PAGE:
We all know that weight loss is a simple equation – if you burn more fuel than you take in, the scales will start to drop. It’s that straightforward. Or is it? Well, new research suggests it may be a touch more complicated. Some health experts suggest weight loss can be tackled by diet alone, and others that exercise is crucial for unlocking a slimmer waistline.
Exercise alone isn’t enough
The global gym industry was worth $96.7 billion in 2020 with UK fitness clubs and facilities turning over approximately £2 billion. Exercise is big business. But is it misleading?
‘We simply don’t get slimmer through exercise alone,’ says Herman Pontzer, an Associate Professor of Evolutionary Anthropology at Duke University.
While researching his book, Burn: The Misunderstood Science of Metabolism, Pontzer spent a lot of time with a modern hunter-gatherer tribe, the Hadza people, in northern Tanzania. He wanted to dive deeper into human metabolism and his findings took him by surprise: even though the Hazda people are far more active than the average Westerner, walking miles and miles every day, they burned no more calories than we do.
Pontzer’s findings suggest that you can’t outrun a bad diet – as you’ll only burn around 3,000 calories a day no matter how much you train. Therefore, if you want to lose weight, you have to control what you eat. He says, ‘We need to look at exercise and diet as two different tools, with two different jobs. Yes, you need to exercise to stay healthy, but you shouldn’t expect to see big changes on the bathroom scales with that alone.’
Shawn M. Talbott, PhD, nutritional biochemist and former director of the University of Utah Nutrition Clinic aligns with the idea that diet is the more powerful weapon when it comes dropping a dress size. ‘As a rule of thumb, weight loss is generally 75 percent diet and 25 percent exercise. An analysis of more than 700 weight loss studies found that people see the biggest short-term results when they eat smart. On average, people who dieted without exercising for 15 weeks lost 23 pounds; the exercisers lost only six over about 21 weeks. It’s much easier to cut calories than to burn them off.’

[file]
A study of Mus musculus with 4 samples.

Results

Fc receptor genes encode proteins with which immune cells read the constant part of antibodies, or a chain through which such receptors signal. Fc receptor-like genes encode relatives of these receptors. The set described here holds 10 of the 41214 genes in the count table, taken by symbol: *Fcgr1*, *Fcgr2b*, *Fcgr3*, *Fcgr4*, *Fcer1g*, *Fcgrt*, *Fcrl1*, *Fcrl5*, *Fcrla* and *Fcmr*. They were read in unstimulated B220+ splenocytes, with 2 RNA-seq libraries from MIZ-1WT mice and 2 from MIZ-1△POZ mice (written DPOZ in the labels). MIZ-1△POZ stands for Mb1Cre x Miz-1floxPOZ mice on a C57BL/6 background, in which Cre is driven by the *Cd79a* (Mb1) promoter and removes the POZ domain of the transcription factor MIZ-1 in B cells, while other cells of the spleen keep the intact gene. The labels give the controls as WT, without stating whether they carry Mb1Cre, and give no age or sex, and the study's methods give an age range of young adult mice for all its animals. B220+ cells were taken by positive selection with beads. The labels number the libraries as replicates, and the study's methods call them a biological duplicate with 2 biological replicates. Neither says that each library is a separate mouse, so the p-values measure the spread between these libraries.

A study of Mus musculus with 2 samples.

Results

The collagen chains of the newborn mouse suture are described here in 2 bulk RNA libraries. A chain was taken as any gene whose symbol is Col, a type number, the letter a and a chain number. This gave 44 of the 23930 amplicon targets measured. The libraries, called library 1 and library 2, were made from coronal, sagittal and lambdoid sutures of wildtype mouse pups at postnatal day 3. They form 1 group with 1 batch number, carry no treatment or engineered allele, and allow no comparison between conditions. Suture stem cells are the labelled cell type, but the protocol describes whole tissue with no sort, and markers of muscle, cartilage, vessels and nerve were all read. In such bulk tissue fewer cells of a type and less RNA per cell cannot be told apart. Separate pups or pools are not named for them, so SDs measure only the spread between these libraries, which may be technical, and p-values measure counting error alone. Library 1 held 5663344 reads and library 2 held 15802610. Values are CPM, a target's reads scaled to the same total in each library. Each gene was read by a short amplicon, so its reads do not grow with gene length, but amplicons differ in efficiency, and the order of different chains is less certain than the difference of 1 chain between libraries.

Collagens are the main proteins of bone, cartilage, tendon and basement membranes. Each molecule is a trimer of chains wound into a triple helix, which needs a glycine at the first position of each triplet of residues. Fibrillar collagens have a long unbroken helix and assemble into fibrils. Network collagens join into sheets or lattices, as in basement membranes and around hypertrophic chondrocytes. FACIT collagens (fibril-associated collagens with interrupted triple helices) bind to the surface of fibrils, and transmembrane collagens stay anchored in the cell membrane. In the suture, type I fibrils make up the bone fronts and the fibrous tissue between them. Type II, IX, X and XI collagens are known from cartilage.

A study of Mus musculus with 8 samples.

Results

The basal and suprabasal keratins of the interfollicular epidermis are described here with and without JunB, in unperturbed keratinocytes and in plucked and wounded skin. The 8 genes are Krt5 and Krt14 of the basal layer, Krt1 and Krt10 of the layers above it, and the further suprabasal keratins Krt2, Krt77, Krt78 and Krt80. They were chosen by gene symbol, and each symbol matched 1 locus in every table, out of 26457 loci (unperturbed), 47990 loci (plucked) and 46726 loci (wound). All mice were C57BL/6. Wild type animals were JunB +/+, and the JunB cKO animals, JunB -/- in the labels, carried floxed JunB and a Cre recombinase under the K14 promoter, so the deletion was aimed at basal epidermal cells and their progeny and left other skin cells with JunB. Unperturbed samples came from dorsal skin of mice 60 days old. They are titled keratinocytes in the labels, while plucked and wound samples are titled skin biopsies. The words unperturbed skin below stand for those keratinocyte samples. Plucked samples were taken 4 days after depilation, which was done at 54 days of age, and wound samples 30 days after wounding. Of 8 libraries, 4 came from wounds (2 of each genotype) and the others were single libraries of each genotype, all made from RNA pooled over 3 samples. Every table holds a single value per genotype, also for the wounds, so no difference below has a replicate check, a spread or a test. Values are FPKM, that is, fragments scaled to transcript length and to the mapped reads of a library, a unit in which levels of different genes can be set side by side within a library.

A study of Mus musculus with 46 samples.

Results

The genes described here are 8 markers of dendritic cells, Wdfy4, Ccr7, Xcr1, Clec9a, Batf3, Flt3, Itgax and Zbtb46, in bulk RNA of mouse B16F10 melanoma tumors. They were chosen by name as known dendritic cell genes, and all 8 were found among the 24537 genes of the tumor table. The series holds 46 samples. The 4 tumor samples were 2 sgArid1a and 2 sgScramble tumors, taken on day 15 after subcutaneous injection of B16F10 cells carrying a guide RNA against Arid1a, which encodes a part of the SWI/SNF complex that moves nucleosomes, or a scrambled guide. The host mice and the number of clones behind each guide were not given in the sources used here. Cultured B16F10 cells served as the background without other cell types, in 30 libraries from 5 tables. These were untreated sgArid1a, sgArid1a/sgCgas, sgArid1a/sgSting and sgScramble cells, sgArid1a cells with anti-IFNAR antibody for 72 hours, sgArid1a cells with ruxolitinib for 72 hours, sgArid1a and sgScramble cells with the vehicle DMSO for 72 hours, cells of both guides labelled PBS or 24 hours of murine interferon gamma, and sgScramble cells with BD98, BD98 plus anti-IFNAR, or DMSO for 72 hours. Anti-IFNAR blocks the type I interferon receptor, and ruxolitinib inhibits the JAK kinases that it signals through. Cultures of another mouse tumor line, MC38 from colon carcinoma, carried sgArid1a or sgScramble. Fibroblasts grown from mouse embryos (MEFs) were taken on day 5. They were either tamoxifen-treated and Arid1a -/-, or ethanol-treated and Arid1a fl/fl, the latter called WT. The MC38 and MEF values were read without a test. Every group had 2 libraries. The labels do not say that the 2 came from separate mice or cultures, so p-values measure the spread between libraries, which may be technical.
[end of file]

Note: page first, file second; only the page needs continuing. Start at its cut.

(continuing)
Balance is the key
However, before you chuck your trainers away, a 2019 study by the University of Colorado revealed that the key to losing weight and keeping it off is physical activity rather than restrictive eating. The trial showed that previously overweight people most successful at keeping weight off were those who did the most daily exercise (measured in steps per day).
‘Our findings suggest that this group of successful weight-loss maintainers are consuming a similar number of calories per day as individuals with obesity but appear to avoid weight regain by compensating for this with high levels of physical activity,’ says Victoria Catenacci, an author of the study.
If you find it easier to eat a salad than pound the pavements, Pontzer’s findings will come as good news. However, a balanced approach is always best. Ideally you should eat a healthy diet and exercise regularly, avoid processed food and alcohol and enjoy what you eat. Think of food as nourishment, not punishment.
Exercise on the other hand will sculpt your body, prevent you from losing muscle mass (particularly important for women age over 40) and improve your mood when those fabulous endorphins kick-in during a workout.